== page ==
Beasley known for service to community, real estate report
beasley
Horace Beasley celebrated his 100th birthday recently along with his children Thomas Beasley, left, and Alice Beasley Lee. - photo by Megan Reed

CUMMING — Four generations of family gathered July 26 to celebrate the 100th birthday of Horace Beasley, a longtime Forsyth County resident.

Beasley’s son Thomas described his father as one of the “kindest, nicest, most approachable people I’ve met in my life.”

“Everybody in our family just loves the man,” he said. “He’s my best friend.”

During a long storied professional and civic career, Beasley has been recognized by elected officials and colleagues. But to his family he remains a loving and funny father to his two children and a grandfather and great-grandfather of several who enjoys croquet and a football game.

“He is a big Tennessee fan,” said Karen Donalson, a granddaughter. “He loves Georgia, but not if they are playing Tennessee.”

One of Beasley’s better-known sayings, which was displayed on a banner at his birthday party, came about from that love of football.

“Whenever his team would punt, he would go … “a booting team is a losing team,” Donalson said.

Croquet is one of his favorite hobbies.

“They’re like synonymous, Horace and croquet,” she said.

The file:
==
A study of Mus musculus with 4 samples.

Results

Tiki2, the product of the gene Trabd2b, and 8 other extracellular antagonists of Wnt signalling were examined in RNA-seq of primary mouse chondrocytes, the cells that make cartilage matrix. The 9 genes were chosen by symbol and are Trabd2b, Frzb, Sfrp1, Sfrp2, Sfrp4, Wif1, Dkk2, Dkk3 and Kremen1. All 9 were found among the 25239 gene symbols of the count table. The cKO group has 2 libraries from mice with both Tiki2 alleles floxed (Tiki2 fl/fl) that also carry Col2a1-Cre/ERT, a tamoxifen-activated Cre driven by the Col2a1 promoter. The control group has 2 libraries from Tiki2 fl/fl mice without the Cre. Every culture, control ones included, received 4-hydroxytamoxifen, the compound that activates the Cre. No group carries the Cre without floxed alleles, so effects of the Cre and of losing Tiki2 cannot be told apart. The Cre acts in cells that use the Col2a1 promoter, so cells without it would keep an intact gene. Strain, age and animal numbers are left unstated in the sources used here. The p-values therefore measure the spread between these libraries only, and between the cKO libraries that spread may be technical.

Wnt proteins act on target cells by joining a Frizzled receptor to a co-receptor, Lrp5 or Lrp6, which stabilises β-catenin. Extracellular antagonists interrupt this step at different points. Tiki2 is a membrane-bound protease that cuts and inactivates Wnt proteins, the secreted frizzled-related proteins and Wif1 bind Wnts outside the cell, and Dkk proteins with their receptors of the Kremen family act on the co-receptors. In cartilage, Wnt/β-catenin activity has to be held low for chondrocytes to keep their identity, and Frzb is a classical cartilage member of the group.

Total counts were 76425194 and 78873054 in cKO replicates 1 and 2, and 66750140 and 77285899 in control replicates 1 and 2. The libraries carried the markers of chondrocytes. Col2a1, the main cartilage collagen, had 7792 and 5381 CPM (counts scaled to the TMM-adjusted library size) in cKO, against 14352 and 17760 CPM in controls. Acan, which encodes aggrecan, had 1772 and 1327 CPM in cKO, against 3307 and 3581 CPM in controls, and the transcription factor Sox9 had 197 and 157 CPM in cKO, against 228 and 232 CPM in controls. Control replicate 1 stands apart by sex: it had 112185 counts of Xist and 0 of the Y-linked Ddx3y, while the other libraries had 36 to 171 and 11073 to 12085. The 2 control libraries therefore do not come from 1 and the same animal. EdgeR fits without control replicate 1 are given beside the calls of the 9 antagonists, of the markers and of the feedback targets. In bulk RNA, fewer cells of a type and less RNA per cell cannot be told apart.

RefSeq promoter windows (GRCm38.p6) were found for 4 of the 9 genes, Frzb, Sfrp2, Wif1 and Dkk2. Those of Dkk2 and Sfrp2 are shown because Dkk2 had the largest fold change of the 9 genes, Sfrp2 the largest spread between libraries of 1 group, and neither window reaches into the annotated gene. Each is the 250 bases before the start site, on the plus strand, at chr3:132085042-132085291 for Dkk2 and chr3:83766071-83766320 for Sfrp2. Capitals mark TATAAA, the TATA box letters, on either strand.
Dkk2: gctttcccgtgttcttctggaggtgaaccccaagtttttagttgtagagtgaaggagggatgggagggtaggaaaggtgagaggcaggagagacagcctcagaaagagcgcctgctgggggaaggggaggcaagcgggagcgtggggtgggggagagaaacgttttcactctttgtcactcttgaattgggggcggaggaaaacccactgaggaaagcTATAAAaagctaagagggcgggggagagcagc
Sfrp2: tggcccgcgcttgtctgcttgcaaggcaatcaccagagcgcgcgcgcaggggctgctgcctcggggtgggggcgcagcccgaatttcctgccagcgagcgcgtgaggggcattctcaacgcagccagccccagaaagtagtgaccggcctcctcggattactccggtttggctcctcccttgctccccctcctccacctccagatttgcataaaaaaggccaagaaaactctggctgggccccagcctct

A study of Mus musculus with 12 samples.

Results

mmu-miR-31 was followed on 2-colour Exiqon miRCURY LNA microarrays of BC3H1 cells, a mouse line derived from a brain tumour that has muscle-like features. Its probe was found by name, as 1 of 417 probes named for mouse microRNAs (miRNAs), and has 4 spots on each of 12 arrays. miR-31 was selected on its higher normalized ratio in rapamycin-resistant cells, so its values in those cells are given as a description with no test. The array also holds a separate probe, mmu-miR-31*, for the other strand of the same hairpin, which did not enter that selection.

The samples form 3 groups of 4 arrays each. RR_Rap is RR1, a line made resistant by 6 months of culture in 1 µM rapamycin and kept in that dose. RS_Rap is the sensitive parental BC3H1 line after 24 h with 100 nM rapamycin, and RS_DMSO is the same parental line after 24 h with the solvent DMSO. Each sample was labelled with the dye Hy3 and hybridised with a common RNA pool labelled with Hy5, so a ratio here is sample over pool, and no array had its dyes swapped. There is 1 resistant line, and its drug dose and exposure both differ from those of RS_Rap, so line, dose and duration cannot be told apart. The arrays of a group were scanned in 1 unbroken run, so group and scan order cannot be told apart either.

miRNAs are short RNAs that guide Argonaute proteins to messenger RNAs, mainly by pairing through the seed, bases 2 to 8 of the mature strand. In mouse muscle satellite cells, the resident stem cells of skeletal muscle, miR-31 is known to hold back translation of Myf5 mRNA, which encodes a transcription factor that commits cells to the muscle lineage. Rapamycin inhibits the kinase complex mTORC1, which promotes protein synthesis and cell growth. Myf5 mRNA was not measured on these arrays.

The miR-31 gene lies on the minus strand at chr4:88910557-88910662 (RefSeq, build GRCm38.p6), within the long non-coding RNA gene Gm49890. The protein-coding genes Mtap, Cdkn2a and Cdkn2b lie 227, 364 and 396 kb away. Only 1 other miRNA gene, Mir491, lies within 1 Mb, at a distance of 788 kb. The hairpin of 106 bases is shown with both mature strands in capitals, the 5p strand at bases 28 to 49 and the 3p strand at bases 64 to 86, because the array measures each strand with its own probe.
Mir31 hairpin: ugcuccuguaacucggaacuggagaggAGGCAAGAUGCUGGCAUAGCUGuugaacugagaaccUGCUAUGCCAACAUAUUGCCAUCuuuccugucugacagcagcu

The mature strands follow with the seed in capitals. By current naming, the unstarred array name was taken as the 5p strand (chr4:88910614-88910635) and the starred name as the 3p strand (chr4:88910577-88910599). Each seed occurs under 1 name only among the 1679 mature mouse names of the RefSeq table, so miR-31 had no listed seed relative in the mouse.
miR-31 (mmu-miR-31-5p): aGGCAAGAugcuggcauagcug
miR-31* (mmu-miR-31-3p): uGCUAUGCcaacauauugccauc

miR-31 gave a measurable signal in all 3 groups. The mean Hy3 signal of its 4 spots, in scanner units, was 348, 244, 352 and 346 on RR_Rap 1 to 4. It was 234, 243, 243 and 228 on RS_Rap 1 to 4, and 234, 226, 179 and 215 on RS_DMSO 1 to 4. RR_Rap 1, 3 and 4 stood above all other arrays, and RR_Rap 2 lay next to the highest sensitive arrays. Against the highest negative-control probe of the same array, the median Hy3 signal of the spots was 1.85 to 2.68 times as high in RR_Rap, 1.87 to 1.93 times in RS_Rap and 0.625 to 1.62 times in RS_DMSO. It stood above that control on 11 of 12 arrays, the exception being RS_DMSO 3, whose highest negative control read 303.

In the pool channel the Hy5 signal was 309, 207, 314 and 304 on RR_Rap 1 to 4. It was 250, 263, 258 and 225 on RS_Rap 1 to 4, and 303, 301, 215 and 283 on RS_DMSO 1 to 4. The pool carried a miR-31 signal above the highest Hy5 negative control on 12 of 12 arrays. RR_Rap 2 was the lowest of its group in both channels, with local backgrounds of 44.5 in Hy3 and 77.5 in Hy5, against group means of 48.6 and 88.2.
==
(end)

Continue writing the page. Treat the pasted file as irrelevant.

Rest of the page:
Croquet became a staple at any family event.

“There was always a game of somebody playing croquet in the backyard,” said, Alice Beasley Lee, adding that her father also is known for his patience and kindness.

“He said his parents never, ever even raised their voice to each other,” she said. “He was the old-fashioned kind of guy where you took care of your wife, you took care of your family.”

Beasley, who served as a fighter pilot in World War II, bought a home on Lake Lanier in the early 1960s while still living in Sandy Springs. He visited Forsyth on weekends for several years before moving to the county permanently with his late wife, Jonnie, in 1970.

Since that time, Beasley has seen the population grow from about 17,000 to more than 195,000 and it transformation from “a rural area to almost a city.”

When Beasley arrived in the area, there was just one grocery store, a Dairy Queen and the courthouse, and “that was about it,” Lee said.

Her father quickly became involved in the community after his retirement from Pet Milk. He also had worked for Stuckey’s and Taylor Biscuit Company. He missed the sense of productivity and soon re-entered the work force as a real estate broker.

“He just always wanted something to do, a purpose,” said Karen Donalson, his granddaughter.

Beasley, along with some associates, opened Broker’s Alliance Realty. He became a licensed auctioneer and property appraiser and then served as president of the Forsyth County Board of Realtors.

In his work as an appraiser, Beasley often sought information from fellow real estate professionals about comparable properties. However, he wanted to find a way to make it easier for them to access the information.

So at the age of 69, he began visiting the Forsyth County Courthouse’s deed records office and keeping his own books about real estate sales in the area.

Word of Beasley’s records quickly spread, and others in the field signed up to receive the data as a monthly subscription. It became a business, The Beasley Report, which expanded to include more than 60 counties. He operated the report with his daughter until he was 95.

Beasley’s community involvement garnered recognition from the Forsyth County commission, who honored him in 2006 for 20 years of service as a member of the Forsyth County Development Authority.